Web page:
Originally published in TDF Stages
In 2015, Abby Rosebrock‘s mentor said he was worried about her due to “all this plasma hot rage” in the new play she was writing. Her initial reaction was dismissive. He’s a man, she thought. He should appreciate what I’m doing and learn from it. But his assessment of her frame of mind gnawed at her.
“I didn’t realize how ‘plasma hot’ those emotions were in my script,” she recalls. “I hadn’t reckoned with what it meant to put those feelings out in the universe through my writing.”
Her now-finished world-premiere play, Blue Ridge at the Atlantic Theater Company, is a product of that still-ongoing reckoning. Directed by Obie winner Taibi Magar, the pitch-black comedy focuses on Alison, a disgraced South Carolina teacher whose act of anger against a man lands her in a halfway house. While Rosebrock admits Alison isn’t her first pissed-off female protagonist, she’s approaching the character from a fresh point of view.
“I had written a lot about angry women in previous plays from a place that sort of celebrated or made comedy out of the emotions they were dealing with,” Rosebrock says. But her mentor’s feedback coupled with watching apoplectic supporters of Donald Trump on the news inspired the dramatist to reflect on her own unresolved pain and anger. With Blue Ridge, she’s “trying to exorcise demons, exploring the mind of someone who is truly stuck in a very dangerous and volatile place.”
Marin Ireland plays Alison with biting humor and frenetic energy. She’s a combustive contradiction: coquettish one minute, combative the next, aiding her fellow halfway house residents while attacking the pastor who tends to them. Even though Rosebrock started writing the script before #MeToo swept the country, Ireland thinks Blue Ridge examines how we got here.
“I feel like this woman is experiencing the bigger current of something we all have access to at this time,” Ireland says. “And I think part of the incredible thing about the character is she isn’t our hero, she’s not always likable and she’s sometimes hard to watch. But there are moments when it’s really cathartic to hear somebody shout [the things she’s saying] out loud.”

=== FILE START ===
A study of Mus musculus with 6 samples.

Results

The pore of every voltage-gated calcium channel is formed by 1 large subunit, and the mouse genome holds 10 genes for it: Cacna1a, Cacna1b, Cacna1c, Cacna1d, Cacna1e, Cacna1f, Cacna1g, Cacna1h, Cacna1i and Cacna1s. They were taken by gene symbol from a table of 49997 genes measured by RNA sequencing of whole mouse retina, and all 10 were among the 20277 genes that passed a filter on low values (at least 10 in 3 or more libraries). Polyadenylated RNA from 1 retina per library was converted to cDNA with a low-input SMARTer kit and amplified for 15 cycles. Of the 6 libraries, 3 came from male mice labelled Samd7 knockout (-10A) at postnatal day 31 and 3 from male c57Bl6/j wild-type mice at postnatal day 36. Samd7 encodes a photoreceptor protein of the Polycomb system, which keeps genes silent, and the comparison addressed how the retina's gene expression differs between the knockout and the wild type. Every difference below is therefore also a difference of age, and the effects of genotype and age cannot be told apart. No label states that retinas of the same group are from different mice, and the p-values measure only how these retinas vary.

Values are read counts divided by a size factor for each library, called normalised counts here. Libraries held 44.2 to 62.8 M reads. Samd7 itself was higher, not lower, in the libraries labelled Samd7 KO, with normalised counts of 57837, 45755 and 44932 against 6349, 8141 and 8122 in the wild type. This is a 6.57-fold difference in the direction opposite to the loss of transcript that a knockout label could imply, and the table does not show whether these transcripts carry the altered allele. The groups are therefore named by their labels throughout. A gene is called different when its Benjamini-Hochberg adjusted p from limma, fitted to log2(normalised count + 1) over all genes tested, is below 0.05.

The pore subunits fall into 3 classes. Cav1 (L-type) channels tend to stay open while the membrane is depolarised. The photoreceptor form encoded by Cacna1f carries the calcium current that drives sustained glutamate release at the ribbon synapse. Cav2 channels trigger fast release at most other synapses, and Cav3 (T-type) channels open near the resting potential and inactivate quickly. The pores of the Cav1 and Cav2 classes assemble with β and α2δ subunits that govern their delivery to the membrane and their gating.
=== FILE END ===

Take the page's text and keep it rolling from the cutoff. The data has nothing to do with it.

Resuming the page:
Looking at Ireland’s stage résumé, it’s clear she relishes playing complicated, not always agreeable characters. She received a Tony nomination for her profanity-filled performance in reasons to be pretty, and earned raves as a hard-bitten Polish immigrant in Ironbound and a gun-obsessed professor in On the Exhale, to name a handful. But, in some ways, Alison’s issues seem to hit closer to home for Ireland. In 2015, the performer talked to The New York Times about a showmance gone wrong, which helped jump-start a much-needed conversation about sexual harassment in the theatre industry. Then about a year ago, Ireland and the lawyer Norman Siegel announced a mediation program for artists who feel they’ve been victimized in the workplace.
Despite her activism, Ireland doesn’t “want to be the spokesperson for something in particular,” though she’s available to support those who seek her assistance. “It is a way in which Alison and I seem similar in wanting to speak up for people,” she says.
And while audiences may think Alison and Blue Ridge are tailor-made for this moment, Ireland stresses that the play’s themes are timeless. “Female rage has long been a thing, it just wasn’t written about in the same capital letters kind of way,” she says. “Before this stuff became mobilized as a sort of call to arms, it was still there.”